X-ray transmission (XRT) sorting has become the preferred recovery technology option in several parts of diamond-mining across Africa. This, according to research, is due to its high selectivity using atomic number as the main discriminating material property. This is also supported by major advances in the underlying enabling technologies. The latter is inclusive of increased computational speeds, improved algorithm design as well as advances in camera and X-ray source technology.
Over the past decade, there have been major advancements in the alluvial diamond mining industry, with particular growth and development in X-Ray Transmission (XRT) technology. Unlike near-infrared (NIR) and X-ray luminescence (XRL), XRT is not dependent on a visible colour difference or clean, reflective particle surfaces. XRT has a significantly higher detection rate for Type II diamonds compared to traditional XRL sorters that have an order-of-magnitude lower concentrate yield percentage. XRT technology provides a single-stage alternative to traditional recovery techniques used in the diamond mining industry.
Imilingo Mineral Processing, who specialize in the integration of sensor-based sorting technology and dredging, has made massive inroads into Africa’s alluvial diamond mining sector. Imilingo showcased their modular iPlant products as well as their iDredge and launched their latest innovation the iDredgeXRT, a world first in alluvial diamond mining at the show. According to media reports, the iDredge has been in operation since May 2018 and is currently producing great success and prospects for Africa Resources in the DRC. Meanwhile, the iDredgeXRT commissioned by Mon the Real LDA in Angola is currently in the final design stages before fabrication which is expected to start early this year.
In a press statement from Imilingo, the iDredgeXRT will consist of a dredge housing two TOMRAXRT sorting machines, a submersible pump with excavators, a clamshell, a sizing screen and two diesel-electric generators to power the system.
The iDredgeXRT combines dredging with sensor-based sorting. This, according to MD Jack Prinsloo, will be instrumental in changing the alluvial mining game in Africa and will help unlock its diamond wealth.
Imilingo designs and builds bespoke systems supporting XRT technology integration into mining operations such as the fully equipped iPlant, iSamplePlant and iDredgeXRT. The XRT sorting machine forms the heart of their systems. Furthermore, Imilingo develops and builds all technologies supporting the sorting machine to ensure proper and efficient operation of the machines and maximal productivity and profitability of the mining operation. “Ultimately, results continually confirm the major advantages that XRT technology bring to a mining operation,” comments Prinsloo.
Some of the projects undertaken thus far include the incorporation of an X-Ray transmission (XRT) circuit into the processing plant at Lucara Diamond Corp.’s Karowe diamond mine in Botswana and the design of an XRT diamond sorting machine and recovery area for Stornoway’s Renard diamond mine in Quebec, Canada.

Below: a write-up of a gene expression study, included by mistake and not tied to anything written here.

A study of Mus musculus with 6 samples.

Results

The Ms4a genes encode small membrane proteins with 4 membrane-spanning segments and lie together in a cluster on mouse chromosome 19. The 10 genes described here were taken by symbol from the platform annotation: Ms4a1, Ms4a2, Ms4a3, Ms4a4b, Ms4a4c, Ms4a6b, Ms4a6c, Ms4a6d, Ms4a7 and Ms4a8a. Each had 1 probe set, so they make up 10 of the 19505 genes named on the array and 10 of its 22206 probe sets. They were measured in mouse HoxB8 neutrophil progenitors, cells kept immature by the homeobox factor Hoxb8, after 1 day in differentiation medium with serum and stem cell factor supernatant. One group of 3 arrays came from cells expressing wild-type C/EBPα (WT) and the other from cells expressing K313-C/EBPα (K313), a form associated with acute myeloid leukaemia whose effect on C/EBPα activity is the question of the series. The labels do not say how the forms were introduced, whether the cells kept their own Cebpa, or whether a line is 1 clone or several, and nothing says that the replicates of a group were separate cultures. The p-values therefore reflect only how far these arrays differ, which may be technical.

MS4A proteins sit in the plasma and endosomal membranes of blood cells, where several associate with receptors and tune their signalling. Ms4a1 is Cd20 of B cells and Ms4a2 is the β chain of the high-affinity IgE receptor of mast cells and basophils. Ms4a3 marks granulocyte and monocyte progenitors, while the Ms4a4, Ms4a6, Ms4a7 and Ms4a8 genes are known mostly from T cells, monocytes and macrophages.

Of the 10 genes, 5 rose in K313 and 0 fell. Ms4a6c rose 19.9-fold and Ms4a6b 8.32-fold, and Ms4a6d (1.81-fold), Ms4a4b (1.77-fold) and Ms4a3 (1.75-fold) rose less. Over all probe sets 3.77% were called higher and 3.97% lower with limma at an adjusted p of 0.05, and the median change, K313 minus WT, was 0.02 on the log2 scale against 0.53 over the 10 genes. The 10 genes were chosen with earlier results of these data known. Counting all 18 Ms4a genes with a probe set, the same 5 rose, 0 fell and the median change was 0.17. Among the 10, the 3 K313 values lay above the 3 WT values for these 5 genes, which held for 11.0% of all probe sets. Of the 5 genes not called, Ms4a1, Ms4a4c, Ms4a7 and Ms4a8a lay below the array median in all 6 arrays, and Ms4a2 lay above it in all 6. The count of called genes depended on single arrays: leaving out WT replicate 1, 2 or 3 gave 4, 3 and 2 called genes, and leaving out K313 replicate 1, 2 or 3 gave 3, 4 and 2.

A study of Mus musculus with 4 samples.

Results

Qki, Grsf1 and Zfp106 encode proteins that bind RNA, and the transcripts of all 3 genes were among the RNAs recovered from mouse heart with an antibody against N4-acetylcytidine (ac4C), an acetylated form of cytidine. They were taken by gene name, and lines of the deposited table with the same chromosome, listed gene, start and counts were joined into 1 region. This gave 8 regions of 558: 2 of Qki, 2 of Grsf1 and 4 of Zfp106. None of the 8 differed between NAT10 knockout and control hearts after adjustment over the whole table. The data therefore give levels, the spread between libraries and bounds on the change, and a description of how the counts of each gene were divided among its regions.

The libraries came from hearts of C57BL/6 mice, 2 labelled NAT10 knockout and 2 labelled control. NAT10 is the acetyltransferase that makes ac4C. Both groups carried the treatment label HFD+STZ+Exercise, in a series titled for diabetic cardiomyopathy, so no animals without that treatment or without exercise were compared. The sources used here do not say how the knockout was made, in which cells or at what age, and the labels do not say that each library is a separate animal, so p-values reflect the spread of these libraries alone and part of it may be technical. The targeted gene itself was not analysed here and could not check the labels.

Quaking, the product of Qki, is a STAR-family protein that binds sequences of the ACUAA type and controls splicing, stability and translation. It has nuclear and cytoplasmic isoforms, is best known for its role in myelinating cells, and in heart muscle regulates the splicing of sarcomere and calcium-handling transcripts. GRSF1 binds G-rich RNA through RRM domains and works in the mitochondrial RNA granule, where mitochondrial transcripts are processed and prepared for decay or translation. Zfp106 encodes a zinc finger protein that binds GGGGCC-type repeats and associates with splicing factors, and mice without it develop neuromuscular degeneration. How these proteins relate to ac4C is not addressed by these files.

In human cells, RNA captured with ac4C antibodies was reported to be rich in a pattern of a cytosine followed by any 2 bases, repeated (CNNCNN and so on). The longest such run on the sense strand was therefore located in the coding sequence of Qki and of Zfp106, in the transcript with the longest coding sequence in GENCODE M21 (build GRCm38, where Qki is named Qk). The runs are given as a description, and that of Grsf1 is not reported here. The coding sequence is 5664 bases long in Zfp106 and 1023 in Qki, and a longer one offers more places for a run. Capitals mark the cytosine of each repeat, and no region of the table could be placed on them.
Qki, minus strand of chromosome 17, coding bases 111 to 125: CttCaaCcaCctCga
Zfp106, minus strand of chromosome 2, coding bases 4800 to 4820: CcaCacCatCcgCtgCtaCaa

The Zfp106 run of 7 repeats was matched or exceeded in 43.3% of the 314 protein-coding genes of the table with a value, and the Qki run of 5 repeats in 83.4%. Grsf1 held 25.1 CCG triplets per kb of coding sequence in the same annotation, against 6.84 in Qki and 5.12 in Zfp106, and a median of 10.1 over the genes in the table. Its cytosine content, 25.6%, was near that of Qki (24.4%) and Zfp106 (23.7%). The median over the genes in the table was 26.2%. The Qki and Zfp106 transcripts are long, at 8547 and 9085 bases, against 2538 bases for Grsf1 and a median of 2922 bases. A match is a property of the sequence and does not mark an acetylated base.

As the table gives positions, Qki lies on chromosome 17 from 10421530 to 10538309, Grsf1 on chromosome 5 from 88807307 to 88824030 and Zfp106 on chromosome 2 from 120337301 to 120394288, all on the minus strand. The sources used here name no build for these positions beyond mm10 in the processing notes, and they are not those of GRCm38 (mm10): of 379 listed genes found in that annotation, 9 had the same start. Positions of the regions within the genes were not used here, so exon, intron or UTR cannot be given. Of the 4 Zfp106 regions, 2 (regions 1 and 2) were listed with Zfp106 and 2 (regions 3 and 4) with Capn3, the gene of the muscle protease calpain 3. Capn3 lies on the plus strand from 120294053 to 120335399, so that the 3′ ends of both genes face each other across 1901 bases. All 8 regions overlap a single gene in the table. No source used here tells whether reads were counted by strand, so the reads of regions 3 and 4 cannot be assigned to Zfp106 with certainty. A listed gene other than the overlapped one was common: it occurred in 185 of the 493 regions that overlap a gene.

Mr. Prinsloo explains that the opportunity to combine various processing steps into one single step with the use of an XRT sorting machine in order to achieve a hand sortable product has revolutionized diamond processing efficiency.
Advantages of XRT technology
The benefits of using XRT technology are numerous, for one XRT technology has a smaller overall footprint and the technology delivers a significantly lower percentage yield than traditional dense media separation (DMS) plants, which allows for vastly reduced running costs relating to consumables and utilities.
“The fact that many process-steps in a typical diamond recovery flow sheet are replaced by one sorting machine results in much greater productivity by reducing the losses encountered with each additional step,” states Prinsloo. He adds that “process flows are simplified dramatically and XRT sorting has in many cases been responsible for transforming borderline viable projects into profitable ones.
In a process like tungsten mining, for example, XRT technology sorts the waste material out earlier in the process, which results in the material being upgraded very efficiently. Thus, the grade of material fed to the wet circuit is much higher- which maximises cost efficiency during this expensive process.” Another advantage Prinsloo notes, is that “the process is digitised, resulting in a greater requirement for Electrical Controls and Instrumentation (EC&I) skills, which would previously have been done by mechanical resources operating a DMS etc.” During processing operations, XRT technology is also particularly effective in preventing the breakage of large diamonds by recovering the diamonds before they are crushed in a next process step.
According to Prinsloo, there are various very successful XRT sorting machines running across the globe, which suggests that the technology has been well adopted within the industry. “Having said this, there is constant Research and Development taking place to improve efficiencies and cement the place of XRT sorting in the market,” he notes.
The use of bulk XRT sorting machines is easily the greatest advancement within XRT technology. Prinsloo adds that “previous technologies, such as XRL have lower throughput and would normally need DMS as a first process step to pre-concentrate the material before final sorting, whilst XRT eliminates the need for pre-processing resulting in greater overall process efficiency.”
Overall, with further development and advancement of XRT bulk sorting machines, the sustainability of alluvial diamond mining will be positively affected across the globe.